La Liga and Facebook have agreed a landmark €32m deal for broadcasting rights in India.
La Liga fans were sent into despair when it was announced that Spain’s top flight league would not be telecast in the Indian subcontinent. Sony Television Networks had signed a deal worth €32 million and agreed to broadcast the league between 2015 and 2018, for a spell of three seasons.
However, after the expiry of the deal, Sony’s India based TV network refused to renew its association with La Liga. However, La Liga, on Tuesday, officially announced a tie-up with Facebook that would see all the 380 games from the league get aired on the social media channel.
It is one of the biggest deals in the history of social media networks and to make it better for the customers, is a free to air initiative.
This service would be available to those residing in India, Sri Lanka, Pakistan, Bangladesh, Afghanistan, Maldives, Bhutan and Nepal. Both the parties refused to speak about the cost of the deal but were full of excitement ahead of the new season.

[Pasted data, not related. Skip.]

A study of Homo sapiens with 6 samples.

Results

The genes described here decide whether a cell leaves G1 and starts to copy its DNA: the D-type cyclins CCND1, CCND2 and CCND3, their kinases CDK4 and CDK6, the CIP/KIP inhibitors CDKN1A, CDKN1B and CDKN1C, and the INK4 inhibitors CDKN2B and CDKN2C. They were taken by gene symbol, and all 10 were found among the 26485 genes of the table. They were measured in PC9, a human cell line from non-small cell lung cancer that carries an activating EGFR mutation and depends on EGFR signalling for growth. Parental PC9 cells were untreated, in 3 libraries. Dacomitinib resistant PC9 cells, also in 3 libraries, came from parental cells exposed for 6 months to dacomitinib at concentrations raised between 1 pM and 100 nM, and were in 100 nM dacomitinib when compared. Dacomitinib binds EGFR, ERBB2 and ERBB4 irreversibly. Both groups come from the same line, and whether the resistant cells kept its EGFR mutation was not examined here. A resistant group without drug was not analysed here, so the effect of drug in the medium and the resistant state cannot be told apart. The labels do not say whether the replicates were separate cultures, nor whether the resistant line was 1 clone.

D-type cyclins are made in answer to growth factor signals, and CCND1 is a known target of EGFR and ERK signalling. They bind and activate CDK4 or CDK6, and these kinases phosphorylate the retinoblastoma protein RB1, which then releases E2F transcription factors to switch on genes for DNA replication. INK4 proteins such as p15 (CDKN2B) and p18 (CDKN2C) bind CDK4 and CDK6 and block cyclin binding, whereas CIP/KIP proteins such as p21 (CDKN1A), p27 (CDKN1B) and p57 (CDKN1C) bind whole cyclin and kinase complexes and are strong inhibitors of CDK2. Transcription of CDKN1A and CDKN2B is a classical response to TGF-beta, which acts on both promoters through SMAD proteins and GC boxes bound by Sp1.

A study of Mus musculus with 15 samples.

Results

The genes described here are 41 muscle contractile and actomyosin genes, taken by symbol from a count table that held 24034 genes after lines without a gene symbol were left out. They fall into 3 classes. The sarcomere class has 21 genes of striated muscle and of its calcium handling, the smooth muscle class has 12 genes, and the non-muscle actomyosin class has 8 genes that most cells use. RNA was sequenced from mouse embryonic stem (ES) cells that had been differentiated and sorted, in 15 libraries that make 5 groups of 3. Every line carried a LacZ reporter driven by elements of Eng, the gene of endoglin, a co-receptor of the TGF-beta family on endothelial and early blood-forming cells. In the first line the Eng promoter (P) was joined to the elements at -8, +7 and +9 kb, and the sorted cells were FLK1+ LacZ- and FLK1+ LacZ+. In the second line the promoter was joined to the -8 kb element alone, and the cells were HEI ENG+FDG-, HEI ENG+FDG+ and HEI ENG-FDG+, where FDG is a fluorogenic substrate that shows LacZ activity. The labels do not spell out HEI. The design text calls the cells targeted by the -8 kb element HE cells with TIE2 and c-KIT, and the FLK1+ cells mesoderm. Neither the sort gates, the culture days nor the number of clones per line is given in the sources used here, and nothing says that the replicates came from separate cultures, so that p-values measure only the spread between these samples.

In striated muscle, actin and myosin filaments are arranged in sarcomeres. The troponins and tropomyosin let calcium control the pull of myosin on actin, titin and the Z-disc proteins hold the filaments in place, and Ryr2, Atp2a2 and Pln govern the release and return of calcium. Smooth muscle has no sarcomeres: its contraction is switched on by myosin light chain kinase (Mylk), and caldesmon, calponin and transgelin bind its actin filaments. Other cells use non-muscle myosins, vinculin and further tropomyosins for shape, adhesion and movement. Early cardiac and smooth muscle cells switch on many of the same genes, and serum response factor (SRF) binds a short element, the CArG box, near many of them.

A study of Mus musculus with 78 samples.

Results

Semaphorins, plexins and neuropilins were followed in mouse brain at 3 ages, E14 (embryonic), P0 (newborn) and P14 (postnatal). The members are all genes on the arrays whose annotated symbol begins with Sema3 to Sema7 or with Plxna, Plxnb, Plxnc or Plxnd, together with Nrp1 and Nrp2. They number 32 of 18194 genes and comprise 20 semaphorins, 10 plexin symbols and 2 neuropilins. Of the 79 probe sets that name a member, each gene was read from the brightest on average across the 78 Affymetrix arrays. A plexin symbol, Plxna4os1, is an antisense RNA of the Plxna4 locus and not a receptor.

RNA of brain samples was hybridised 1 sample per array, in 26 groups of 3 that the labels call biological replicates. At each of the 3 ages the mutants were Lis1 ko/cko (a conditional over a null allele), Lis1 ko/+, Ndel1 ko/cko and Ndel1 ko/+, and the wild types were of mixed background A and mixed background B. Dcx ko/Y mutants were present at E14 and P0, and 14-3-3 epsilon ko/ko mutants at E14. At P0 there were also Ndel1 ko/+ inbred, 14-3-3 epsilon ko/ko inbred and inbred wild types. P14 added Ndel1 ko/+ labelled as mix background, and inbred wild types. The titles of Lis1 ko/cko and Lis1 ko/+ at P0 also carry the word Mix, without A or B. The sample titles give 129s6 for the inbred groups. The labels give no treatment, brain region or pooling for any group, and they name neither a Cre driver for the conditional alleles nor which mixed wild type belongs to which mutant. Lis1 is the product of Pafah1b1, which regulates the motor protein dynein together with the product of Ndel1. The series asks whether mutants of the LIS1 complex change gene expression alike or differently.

“We are really happy to be on a free to air service in such an important territory as the Indian sub-continent,” Alfredo Bermejo, La Liga’s head of digital strategy, told Reuters ahead of the announcement.
“One of our goals for the last two years has been to offer content to the widest audience possible, so partnering with free platforms like Facebook, which has 270 million users in India, is a key to us.”
Facebook began their new service of broadcasting sports online in 2017 with Major League Baseball being their first campaign. Later, Eleven Sports of the UK also agreed to telecast one game each of the La Liga and Serie A every week on Facebook.
The internet streaming through reputed channels is a budding prospect with Amazon also agreeing to broadcast the Premier League from 2019.
Also read: Where to watch Asian Games in India?
Peter Hutton, Facebook’s Director of Global Live Sports, however, described the deal with La Liga as an experiment, saying that while the company has other agreements in the works, he ruled out an immediate land grab of rights deals in sport.
“Were looking at a few other deals that are quite close to completion but this is not about going out and buying a huge amount of content worldwide,” he told Reuters.
“We’re looking at specific rights in specific markets and to try to learn from data from those experiences and work out what the next step is. If you rush into too many deals at once, you can’t do it properly.”